Last.fm Wins Over the Majors

Videos by American Songwriter

Videos by American Songwriter

Social music network Last.fm, owned by CBS, announced this week that it has cut deals with all four major labels to allow its users to stream millions of full-length tracks on its website, free of charge. The new changes to the site, which went live on Wednesday, represent the first free on demand content online that has the full backing of the majors.

Social music network Last.fm, owned by CBS, announced this week that it has cut deals with all four major labels to allow its users to stream millions of full-length tracks on its website, free of charge. The new changes to the site, which went live on Wednesday, represent the first free on demand content online that has the full backing of the majors.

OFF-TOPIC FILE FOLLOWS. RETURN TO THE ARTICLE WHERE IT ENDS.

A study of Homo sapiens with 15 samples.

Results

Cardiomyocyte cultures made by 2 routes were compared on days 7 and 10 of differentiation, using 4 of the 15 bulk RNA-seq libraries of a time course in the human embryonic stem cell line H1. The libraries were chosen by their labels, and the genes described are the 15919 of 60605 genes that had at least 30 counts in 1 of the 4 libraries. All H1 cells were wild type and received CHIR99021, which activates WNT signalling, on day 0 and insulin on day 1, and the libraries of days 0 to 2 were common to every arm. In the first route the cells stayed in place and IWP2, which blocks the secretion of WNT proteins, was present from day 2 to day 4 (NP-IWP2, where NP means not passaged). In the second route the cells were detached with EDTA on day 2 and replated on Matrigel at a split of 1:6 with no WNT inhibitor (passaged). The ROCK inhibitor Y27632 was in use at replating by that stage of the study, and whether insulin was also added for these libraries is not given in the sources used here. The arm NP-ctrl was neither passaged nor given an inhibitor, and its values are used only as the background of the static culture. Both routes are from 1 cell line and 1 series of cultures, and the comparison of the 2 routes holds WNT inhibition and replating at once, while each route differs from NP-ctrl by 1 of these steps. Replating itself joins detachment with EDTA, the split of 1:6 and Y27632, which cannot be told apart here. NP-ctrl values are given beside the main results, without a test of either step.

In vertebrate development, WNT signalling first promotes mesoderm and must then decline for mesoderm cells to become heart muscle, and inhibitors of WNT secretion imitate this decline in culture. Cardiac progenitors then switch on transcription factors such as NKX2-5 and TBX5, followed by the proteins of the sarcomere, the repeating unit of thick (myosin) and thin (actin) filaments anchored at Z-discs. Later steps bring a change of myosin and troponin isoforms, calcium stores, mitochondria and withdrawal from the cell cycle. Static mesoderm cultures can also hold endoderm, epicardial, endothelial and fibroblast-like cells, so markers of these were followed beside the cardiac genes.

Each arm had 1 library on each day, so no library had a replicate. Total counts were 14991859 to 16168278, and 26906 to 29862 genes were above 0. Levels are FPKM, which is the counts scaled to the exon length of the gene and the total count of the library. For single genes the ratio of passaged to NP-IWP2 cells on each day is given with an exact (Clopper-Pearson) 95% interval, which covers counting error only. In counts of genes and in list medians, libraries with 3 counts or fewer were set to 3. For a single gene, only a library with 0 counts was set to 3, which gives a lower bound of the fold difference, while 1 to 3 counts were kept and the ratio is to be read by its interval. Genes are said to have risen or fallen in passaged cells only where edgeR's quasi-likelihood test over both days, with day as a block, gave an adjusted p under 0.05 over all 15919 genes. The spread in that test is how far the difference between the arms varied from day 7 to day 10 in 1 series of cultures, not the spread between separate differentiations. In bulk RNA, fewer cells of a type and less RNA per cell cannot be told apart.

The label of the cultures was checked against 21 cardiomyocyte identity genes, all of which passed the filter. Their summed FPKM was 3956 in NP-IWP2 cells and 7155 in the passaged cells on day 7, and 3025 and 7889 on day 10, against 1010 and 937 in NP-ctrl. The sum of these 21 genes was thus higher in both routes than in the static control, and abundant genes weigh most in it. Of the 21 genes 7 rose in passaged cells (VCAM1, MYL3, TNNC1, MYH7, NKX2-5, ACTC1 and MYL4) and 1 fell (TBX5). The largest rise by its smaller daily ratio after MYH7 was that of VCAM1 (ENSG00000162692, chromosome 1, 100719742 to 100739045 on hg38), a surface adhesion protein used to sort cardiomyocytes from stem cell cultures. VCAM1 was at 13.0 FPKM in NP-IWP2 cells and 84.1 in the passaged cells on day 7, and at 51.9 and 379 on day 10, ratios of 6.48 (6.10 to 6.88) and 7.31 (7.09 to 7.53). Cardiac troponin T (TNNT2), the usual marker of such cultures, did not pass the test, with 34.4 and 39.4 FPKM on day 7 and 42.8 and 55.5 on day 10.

“Today we’re redesigning the music economy,” said Last.fm co-founder Richard Jones in a press release on Wednesday. In addition to the four majors, the site has also negotiated deals with thousands of independent labels and artists, giving it one of the largest legal music libraries available on the web.

The site expects to draw most of the money for its royalty fees from advertising revenue. Unlike other ad-driven sites, which offered artists and labels one-time payments for access to their material, Last.fm will pay them royalties based on how much the public streams their music. “Music on Last.fm is perpetually monetized,” said Jones. “This is good because artists get paid based on how popular a song is with their fans, instead of a fixed amount.”